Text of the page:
Distrust the person who tells you poetry isn’t competitive. It is. Your poems are in competition whether you like it or not — with the poems your peers are writing; with the other poems you yourself have written; with all the poems that have ever been written; with a pint and a chat at the pub down the street with the person who knows you best; with the Jays’ game; with Toddlers and Tiaras (maybe the stiffest competitor of all); with Call of Duty Modern Warfare III. Your poems are competing for the attention of the most over-entertained audience in human history. So you might as well write like it.
Competition is good for art. The poet who writes with the full bloodthirsty hoard of her competitors in mind will avoid the poet’s cardinal sin: taking her reader for granted. Why should someone read your poem over, say, Thomas Wyatt’s, or Emily Dickinson’s? Why should someone read your poem when she could be playing laser-pointer fetch with her cat, or swimming at Sugar Beach with someone beautiful? The answer is she shouldn’t, unless the poem can make a solid case for itself.
We started giving each other prizes for our poetry sometime in the sixth century BC, during the Athenian Dionysia. The winning poet would receive a goat. This was the symbol of Dionysus. The Walrus Poetry Prize has in at least two ways improved upon this model. We still give out the symbol of Dionysus — today that’s cash. The payout is $5,000 for the juried winner, and $1,000 for the Readers’ Choice winner.
Competitors luckily don’t have to compete with Sophocles or Aeschylus. But they do have to compete with each other, and this is a good thing. It’s also a good thing, we think, that the poems will be judged blindly. The appreciation of an entry can neither be buoyed nor sunk by the reputation of its author. And at the two stages of evaluation — when I whittle down the entries into a short list, and when the great Karen Solie choses from that short list a winner — the decisions will be made by individuals, not committees. Committees work by consensus and compromise, two of the most notoriously unreliable rubrics by which to judge works of art.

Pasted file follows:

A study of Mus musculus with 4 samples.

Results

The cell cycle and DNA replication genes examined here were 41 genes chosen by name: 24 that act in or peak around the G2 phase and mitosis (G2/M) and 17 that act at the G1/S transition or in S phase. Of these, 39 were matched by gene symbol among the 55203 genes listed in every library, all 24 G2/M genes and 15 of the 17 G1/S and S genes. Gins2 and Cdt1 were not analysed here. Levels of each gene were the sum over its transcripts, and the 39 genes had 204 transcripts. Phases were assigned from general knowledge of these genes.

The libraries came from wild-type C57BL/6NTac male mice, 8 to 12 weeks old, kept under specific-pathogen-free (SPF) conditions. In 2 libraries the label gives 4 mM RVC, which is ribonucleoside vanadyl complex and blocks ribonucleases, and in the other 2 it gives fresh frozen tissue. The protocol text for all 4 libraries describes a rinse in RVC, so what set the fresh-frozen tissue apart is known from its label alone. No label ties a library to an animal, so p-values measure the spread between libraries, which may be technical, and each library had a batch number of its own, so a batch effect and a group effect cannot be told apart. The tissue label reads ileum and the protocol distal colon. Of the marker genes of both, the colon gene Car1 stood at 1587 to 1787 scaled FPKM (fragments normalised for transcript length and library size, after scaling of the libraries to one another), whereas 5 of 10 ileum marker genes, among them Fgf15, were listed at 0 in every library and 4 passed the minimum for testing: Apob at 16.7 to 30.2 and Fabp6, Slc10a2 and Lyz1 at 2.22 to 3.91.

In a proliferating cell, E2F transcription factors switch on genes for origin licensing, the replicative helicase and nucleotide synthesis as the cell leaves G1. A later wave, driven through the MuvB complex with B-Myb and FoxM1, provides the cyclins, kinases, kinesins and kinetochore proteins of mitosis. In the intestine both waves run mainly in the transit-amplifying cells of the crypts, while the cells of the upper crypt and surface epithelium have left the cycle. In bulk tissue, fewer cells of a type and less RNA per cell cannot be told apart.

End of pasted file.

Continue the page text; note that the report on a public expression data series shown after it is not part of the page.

The ideal poetry contest is one where a bunch of incredible poems are pitted against, say, listening to Lil Wayne’s new album, hiking the Elora Gorge with the person you love most, and getting into a Twitter fight (that prize does exist actually; it’s called posterity). The poems that will do well in the Walrus Poetry Prize will display an awareness that all poetry is already in the toughest competition imaginable — one for the unlikely admiration of another human being. The Walrus Foundation and the Hal Jackman foundation are proud to introduce the Walrus Poetry Prize. The competition is now open.